An early ongoing study of an experimental treatment for hepatitis B virus (HBV), JNJ-6379, has highlighted the promise of the agent, MedPage Today reports. Researchers have already begun studying it in a more advanced trial.
Presenting their findings at the 52nd International Liver Congress in Paris, researchers conducted a Phase Ib study of the effects of JNJ-6379 on HBeAg-positive or HBeAG-negative people with chronic HBV who had a viral load greater than 2,000 and an ALT liver enzyme level no greater than 2.5 times that of their AST liver enzyme level.
The participants were randomized 3 to 1 to receive JNJ-6369 or a placebo for 28 days and followed for an additional eight weeks.
By the time of the liver conference presentation, the researchers had tested the drug in three groups of 12 people each, including those who had received: 25 milligrams of JNJ-6379 once daily (this group also initially received a 100 mg loading dose); 75 mg once daily; and 150 mg once daily. (The investigators are still evaluating a group that received 250 mg once daily.)
The median age of the 36 participants in the three groups was 42.5 years. Eighty-three percent were men. A quarter of them were HBeAg positive.
On day 29 of the study, all three groups saw a substantial drop in their hep B viral DNA and RNA. There were no significant changes in their HBsAg.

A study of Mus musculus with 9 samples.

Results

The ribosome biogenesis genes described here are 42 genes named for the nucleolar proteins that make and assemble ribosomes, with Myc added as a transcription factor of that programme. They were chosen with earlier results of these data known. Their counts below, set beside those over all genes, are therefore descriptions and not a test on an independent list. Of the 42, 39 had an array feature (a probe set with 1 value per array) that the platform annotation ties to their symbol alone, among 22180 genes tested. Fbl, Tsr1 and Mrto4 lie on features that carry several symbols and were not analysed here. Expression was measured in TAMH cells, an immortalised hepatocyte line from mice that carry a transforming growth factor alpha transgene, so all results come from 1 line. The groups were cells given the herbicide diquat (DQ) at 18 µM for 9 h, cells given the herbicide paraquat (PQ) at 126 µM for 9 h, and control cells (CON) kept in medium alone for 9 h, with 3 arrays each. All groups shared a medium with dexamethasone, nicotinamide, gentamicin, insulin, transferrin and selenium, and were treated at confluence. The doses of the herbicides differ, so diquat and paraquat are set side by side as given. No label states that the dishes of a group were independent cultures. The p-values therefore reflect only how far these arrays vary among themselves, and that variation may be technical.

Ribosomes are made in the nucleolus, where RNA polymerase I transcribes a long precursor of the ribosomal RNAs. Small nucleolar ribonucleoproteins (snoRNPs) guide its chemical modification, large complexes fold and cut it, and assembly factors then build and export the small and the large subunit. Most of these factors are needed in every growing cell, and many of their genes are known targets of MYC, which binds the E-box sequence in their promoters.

Grade 3 or greater adverse health events or abnormal lab test results occurred infrequently among the participants. Sixty-four percent of the study members experienced at least one adverse health event while on treatment, including a respective nine, six and eight of those who received 25 mg, 75 mg and 150 mg of JNJ-6379.
One person stopped treatment because of an ALT/AST liver enzyme flare (which did not occur along with a rise in bilirubin) that was likely related to JNJ-6379. No one experienced toxicities that suggested any of the dose levels used in the trial were too high.
During the eight-week posttreatment period of observation, the participants’ HBV levels rebounded to nearly the levels seen when they started the trial.
Researchers have already begun a Phase IIa study of JNJ-6379 among individuals with hep B who have not been treated for the virus before as well as those with viral suppression thanks to treatment, including individuals who are HbsAg positive and HBsAg negative. This trial is testing JNJ-6379 either by itself or in combination with nucleoside analog medications.
To read the MedPage Today article, click here.